Shot by Riley Ziesig
I was shopping at the Greene Grape one afternoon and their display of Fall pumpkins were gorgeous. I've only known pumpkin at the extremes, as a thing you put on your porch or magically appearing in a pie. The in-between part of actually cooking pumpkin eluded me, what, with canned pumpkin available where I grew up? Never really had the opportunity to get my hands on one outside of Halloween!
The most genius (and most simple) idea of cooking this pumpkin came from the Greene Grape signage. A small note next to the pumpkins said, "Smash it on the ground and roast it!"
Yes, you can totally do that. And I'm going to make this joke.
Take any baking pumpkin and wash it. You don't want to get any dirt on the outside to get on the inside. Put it in a paper bag, roll up the excess end and wrap that in a plastic shopping bag. Tie it closed. Ascend to the top of the stairs of your house or if you're in an apartment like me, the top rung of a step-ladder. Laugh a little at the situation, it's part of the recipe.
Make sure the floor is clear. Warn all roommates, housemates, toddlers, and pets that you will be lobbing a pumpkin with some might and force at the ground below. Confirm that you will be throwing the pumpkin stem side up, I don't want you all complaining to me about scuffing your wood floor after this. Don't just drop the pumpkin, throw it. I had to do this twice because I am a small human with little strength.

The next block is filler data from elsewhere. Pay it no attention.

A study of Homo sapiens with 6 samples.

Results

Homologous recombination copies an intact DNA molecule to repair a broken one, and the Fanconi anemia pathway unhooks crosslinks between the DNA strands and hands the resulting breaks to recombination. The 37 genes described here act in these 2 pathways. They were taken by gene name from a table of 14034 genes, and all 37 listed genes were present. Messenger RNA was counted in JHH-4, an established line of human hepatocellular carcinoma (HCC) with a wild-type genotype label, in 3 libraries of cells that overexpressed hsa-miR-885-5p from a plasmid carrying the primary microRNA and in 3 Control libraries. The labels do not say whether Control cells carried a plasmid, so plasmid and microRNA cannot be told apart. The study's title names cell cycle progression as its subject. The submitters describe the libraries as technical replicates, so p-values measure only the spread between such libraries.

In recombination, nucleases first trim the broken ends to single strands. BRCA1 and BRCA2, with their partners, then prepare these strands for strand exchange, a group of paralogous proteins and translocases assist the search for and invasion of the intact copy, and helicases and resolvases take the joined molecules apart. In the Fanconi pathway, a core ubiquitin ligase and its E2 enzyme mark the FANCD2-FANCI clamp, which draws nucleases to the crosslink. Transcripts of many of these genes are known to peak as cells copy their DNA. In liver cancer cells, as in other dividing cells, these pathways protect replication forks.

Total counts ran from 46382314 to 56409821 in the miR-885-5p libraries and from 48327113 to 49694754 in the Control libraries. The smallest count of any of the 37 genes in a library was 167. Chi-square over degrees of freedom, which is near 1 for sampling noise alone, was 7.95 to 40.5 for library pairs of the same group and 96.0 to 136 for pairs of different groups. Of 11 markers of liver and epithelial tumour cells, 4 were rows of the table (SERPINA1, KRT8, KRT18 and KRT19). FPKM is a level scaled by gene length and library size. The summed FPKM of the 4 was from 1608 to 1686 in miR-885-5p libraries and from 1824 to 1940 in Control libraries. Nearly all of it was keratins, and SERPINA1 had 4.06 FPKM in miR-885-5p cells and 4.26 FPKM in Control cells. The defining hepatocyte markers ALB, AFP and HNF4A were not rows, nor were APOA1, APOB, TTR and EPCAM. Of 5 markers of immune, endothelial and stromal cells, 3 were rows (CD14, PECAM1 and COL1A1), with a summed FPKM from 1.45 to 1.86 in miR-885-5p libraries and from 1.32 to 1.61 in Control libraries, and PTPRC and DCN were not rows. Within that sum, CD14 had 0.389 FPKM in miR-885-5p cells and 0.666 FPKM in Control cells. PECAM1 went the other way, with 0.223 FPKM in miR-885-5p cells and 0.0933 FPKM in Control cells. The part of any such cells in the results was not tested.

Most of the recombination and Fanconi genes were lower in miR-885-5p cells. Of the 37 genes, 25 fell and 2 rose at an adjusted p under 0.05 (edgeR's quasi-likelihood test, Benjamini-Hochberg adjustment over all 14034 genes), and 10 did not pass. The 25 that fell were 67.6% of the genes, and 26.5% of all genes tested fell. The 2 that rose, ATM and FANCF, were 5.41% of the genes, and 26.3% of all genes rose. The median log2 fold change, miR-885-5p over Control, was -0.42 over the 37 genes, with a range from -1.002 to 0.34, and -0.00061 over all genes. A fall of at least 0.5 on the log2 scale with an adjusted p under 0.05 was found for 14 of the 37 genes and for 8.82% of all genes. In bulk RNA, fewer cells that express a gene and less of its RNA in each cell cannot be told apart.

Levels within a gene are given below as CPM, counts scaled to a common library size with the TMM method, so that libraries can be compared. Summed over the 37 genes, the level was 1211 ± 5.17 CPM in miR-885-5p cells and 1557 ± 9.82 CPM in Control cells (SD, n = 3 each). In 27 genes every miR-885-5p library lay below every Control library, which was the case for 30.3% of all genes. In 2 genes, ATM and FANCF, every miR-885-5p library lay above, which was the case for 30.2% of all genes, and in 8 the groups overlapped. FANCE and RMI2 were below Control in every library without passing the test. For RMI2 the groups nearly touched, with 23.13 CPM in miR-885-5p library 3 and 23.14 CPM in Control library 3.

Open up the bag and check that you actually broke the pumpkin into manageable pieces as big as your hand. It will be impossible (and scary) if they broke into exactly the same size -- pics if that happens! -- but make sure the collective pieces will fit in a pan in your oven.
I love how the pumpkin looks broken up like this and not sliced in unnatural uniform pieces. The divots are ideal for holding dips for your fancy crudités platter!
Preheat the oven to 350 degrees F. Scoop out the seeds and save them for roasting if you wish. Use a spoon to remove the pulp or use your hands if you don't mind the barbarism. Place the pumpkin in an oven-safe roasting pan in and drizzle with olive oil, season with salt and pepper. Do not let any pieces overlap, single layer please! Roast for 45 minutes or until the pumpkin is fork tender.
While you wait, prepare a sauce, pesto or dip. I like this pistachio tapenade from Smitten Kitchen.
Once the pumpkin is roasted, let it cool so it's easier to handle and you don't mess up the cute cup shapes. Spoon in your favorite dip and enjoy as a vegetarian main or impressive shared side dish!